Total value of private equity buyouts and exits soared last year, with funds targeting the technology, consumer goods, healthcare and biotechnology sectors
Greater economic stability, the offer of attractively priced assets, and a growing demand for direct lending means that private equity funds are increasingly targeting the Iberian market. Analysts describe Spanish private equity as being in “rude health” and highlight data showing a massive surge in activity, with the total value of buyouts and exits combined having increased by a massive 161.7 per cent compared to 2016. Among the biggest Iberian private equity deals last year was IFM Investors’ €2.7 billion acquisition of OHL Concesiones, which was advised by Allen & Overy on the deal.
In 2017, among the most attractive sectors in Spain for private equity investors were technology, consumer goods, healthcare and biotechnology. The majority of private equity deals in the country involved international funds, but Spanish funds’ participation in the market was also significant. The real estate sector also continues to attract substantial interest, both in Spain and Portugal.
There are several factors currently making Spain attractive to private equity investors, according to Francisco Martínez Maroto, partner at Cuatrecasas in Spain. “The main drivers are increasing macroeconomic stability, despite certain political tensions, and the expectation that this stability will continue in the medium-to-long term, the increasing number of deals, and the existing liquidity and appetite for investing,” he says.
The fact that Spain has assets available at attractive prices is also proving alluring to private equity funds, which currently have significant liquidity with which to make investments, says Javier Monzón, partner at Freshfields. He adds: “There is also a healthy history of successful investments including successful exits.” Monzón continues: “Iberian markets may be seen as slightly less mature, or slightly more attractive in terms of prices of companies compared to places such as Germany or France. Southern Europe is supposed to be more of an untapped market.”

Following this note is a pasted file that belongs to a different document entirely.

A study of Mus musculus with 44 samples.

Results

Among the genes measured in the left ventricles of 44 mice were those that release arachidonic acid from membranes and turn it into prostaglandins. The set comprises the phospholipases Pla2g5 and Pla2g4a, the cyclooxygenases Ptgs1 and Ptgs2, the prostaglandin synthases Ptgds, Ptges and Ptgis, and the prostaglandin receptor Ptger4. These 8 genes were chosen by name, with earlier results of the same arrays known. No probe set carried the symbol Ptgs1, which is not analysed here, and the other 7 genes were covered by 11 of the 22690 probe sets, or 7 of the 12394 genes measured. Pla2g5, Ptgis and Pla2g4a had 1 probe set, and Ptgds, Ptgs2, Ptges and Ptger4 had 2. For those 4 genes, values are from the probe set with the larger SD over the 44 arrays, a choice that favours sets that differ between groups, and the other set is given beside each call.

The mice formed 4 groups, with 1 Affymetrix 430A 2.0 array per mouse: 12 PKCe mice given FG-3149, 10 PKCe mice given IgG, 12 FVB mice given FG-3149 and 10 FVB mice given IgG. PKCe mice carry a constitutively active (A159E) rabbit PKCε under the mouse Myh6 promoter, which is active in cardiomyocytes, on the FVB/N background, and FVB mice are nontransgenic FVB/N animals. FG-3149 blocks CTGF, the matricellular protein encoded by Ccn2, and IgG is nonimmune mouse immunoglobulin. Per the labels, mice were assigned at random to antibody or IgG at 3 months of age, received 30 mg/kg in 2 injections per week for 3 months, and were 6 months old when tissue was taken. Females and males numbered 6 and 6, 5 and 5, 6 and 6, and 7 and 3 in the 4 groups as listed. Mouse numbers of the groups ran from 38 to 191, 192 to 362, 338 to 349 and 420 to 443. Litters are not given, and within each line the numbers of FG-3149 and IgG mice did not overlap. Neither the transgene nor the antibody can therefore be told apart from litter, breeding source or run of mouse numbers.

Direct lending by private equity funds has also become common in Spain. Jose Christian Bertram, partner and co-head of the finance department at Ashurst in Madrid, says: “Direct lending is now more familiar to the Spanish market and is seen as a useful alternative.” Traditional bank financing tapered off due to the financial crisis and the regulatory changes that it heralded, and consequently, direct lending by private equity funds emerged as an alternative means of financing. However, despite this trend, bank financing is becoming more appealing to clients again, according to Jorge Vázquez, partner and head of private equity at Ashurst in Madrid: “Bank debt is quite cheap and relatively easy to obtain these days, so returns required by direct lending funds can be challenging to accept.” Meanwhile, law firms in Spain are also seeing limited partners (LPs) taking a more active role in direct investments and co-investments. Vázquez says: “The dire times where no bank financing was available meant debt funds and LPs would be called in to help fund deals,” he says.
More funds from Far East
Meanwhile, Portugal is also attracting significant private equity investment. This is due, in part, to the country being seen as increasingly stable and also because Portuguese companies need to deleverage. Ricardo Andrade Amaro, partner at MLGTS in Portugal says that currently, many of the private equity funds investing in Portugal are based in London or North America. However, he anticipates increased investment from funds from the Far East. “We have seen firms coming out of Southeast Asia, from jurisdictions such as Malaysia – they are not acquiring yet, but they are getting acquainted with the market.”
Helena Vaz Pinto, partner at Vieira de Almeida, says Portuguese funds have mostly focused on acquiring non-performing loans from banks as well as deals related to restructurings. However, the tide may be changing. Andrade Amaro says: “The major trend I see in private equity in Portugal is the shift from a more restructuring-based type of fund to increased involvement in more open and competitive M&A processes involving assets that are not in need of restructuring.”
Private equity funds are sophisticated and consequently, very demanding clients. Duarte Schmidt Lino, head of private equity at PLMJ in Portugal, sees this as something positive: “It is much easier to do good work when you have intelligent, demanding and sophisticated clients. This allows lawyers to do much more exciting work.”